The Australian Public Service (APS) serves the Government, Parliament and the Australian people. The APS has a strong reputation for being apolitical and acting with integrity. It is the duty of all public servants to uphold the APS Values. They underpin effective decision making and behaviour.

“APS is apolitical & acts with integrity. Misconduct, unlawful conduct & corruption are infrequent”

Misconduct, unlawful conduct and corruption are infrequent. However it would be wrong to be complacent. When issues are identified they are investigated and the outcomes are reported.

APS employment currently stands at 152,000 employees. Code of Conduct investigations involving 557 employees were finalised by agencies during 2014-15. This represents less than 0.4% of the total workforce. Of these, 85% resulted in findings of a Code of Conduct breach. The number of employees who were the subject of investigation was lower than the 592 cases in 2013–14.

Interactive Chart: Finalised investigations and breaches of the Code of Conduct, 2012–13 to 2014–15

Learn more about this chart: view data for Figure 1.

This is an interactive chart: hover over the coloured squares to view data.

The most frequently investigated breach was a failure to ‘at all times behave in a way that upholds the APS Values and APS Employment Principles and the integrity and good reputation of the employee’s Agency and the APS’.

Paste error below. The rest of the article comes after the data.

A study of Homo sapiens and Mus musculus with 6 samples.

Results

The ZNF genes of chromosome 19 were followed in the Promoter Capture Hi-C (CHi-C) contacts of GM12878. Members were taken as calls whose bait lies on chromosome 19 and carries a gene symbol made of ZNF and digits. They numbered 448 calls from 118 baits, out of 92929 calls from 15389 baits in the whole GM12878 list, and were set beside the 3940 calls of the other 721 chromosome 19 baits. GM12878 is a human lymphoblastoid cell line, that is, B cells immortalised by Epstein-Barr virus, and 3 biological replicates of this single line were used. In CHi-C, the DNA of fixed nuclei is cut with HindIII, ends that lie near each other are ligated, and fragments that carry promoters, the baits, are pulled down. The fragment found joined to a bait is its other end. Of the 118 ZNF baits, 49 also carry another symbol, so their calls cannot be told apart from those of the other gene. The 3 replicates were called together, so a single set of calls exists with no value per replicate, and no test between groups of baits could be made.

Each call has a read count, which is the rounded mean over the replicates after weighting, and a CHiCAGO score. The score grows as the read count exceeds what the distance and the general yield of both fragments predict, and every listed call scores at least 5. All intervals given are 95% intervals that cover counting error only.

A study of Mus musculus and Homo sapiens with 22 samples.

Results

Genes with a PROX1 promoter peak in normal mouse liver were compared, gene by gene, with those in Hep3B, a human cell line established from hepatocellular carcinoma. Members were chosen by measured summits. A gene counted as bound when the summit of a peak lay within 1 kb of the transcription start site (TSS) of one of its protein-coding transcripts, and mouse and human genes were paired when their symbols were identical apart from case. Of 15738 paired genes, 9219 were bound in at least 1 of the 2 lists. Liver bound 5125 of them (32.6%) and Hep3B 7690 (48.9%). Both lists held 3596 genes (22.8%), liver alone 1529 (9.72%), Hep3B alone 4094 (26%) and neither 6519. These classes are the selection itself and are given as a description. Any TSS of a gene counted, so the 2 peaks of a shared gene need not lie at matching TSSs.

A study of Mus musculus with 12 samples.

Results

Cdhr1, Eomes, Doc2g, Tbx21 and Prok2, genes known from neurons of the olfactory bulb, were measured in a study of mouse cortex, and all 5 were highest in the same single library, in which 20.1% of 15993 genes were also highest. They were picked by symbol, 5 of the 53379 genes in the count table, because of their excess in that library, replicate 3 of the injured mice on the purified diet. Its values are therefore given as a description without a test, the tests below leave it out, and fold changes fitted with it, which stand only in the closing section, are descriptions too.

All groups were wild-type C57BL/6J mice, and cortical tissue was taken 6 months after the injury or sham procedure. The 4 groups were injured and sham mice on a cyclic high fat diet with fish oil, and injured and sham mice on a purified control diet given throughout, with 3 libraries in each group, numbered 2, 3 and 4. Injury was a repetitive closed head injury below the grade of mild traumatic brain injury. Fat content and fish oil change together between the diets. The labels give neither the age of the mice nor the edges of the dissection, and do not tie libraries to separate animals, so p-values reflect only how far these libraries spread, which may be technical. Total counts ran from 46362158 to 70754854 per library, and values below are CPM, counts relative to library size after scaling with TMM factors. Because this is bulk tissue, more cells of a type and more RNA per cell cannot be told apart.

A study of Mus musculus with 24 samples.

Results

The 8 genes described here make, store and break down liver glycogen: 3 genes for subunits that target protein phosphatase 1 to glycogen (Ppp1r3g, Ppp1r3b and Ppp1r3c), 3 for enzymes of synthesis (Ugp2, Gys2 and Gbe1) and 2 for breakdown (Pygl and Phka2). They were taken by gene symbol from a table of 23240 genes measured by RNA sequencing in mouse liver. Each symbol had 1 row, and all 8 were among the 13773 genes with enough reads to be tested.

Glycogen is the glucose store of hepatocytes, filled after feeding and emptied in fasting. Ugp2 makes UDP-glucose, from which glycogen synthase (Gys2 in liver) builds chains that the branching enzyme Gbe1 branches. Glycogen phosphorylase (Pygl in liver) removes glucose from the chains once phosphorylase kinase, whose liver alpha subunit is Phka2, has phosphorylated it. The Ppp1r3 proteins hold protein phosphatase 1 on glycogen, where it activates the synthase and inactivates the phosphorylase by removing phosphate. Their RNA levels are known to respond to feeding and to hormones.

Interactive Chart: Nature of reported and finalised breaches of the Code of Conduct 2013–14 to 2014-15

Learn more about this chart: view data for Figure 2.

This is an interactive chart: use the scroll bar to view the various types of investigated breaches.

Results from the APS employee census show that an overwhelming majority of APS employees believe their peers and supervisors act in accordance in with the APS Values. Likewise, the majority of employees agreed their senior leaders do the same.

The employee census also explored employee perceptions of accountability in their agency. This included asking whether or not the respondent, their workgroup, supervisor and senior leaders take responsibility for problems they have identified. Two-thirds of respondents believed that people in their workgroup take responsibility for problems. Over three-quarters of respondents believed their immediate supervisor takes responsibility for problems.

The employee census also asked respondents if people in their agency are encouraged to speak up when they identify a serious policy or delivery risk. Sixty-three per cent of respondents reported they are encouraged to raise concerns or issues.

Staff are encouraged to speak up about policy or delivery risks

Learn more about this chart: view data for Figure 3.

Positive perceptions of accountability were highest in smaller agencies. The majority of respondents agreed their workgroup, supervisor and senior leaders take responsibility for problems.

Regardless of agency size, the majority of respondents indicated that when their supervisor identifies a problem, he/she takes responsibility for it.

Perception of immediate supervisor accountability by agency size

Learn more about this chart: view data for Figure 4.

It is important that all employees are aware of their responsibility to uphold the APS Values and comply with the Code of Conduct. Managers play an important role in helping employees build sound judgement in applying the Values to their day-to-day work. It is also important that misconduct, when identified, is addressed promptly.

Accountability is one of the five APS Values. Employees are accountable for their own behaviour and performance. They are expected to do what is right, rather than merely avoiding doing what is wrong. The results from the APS employee census are encouraging in this respect.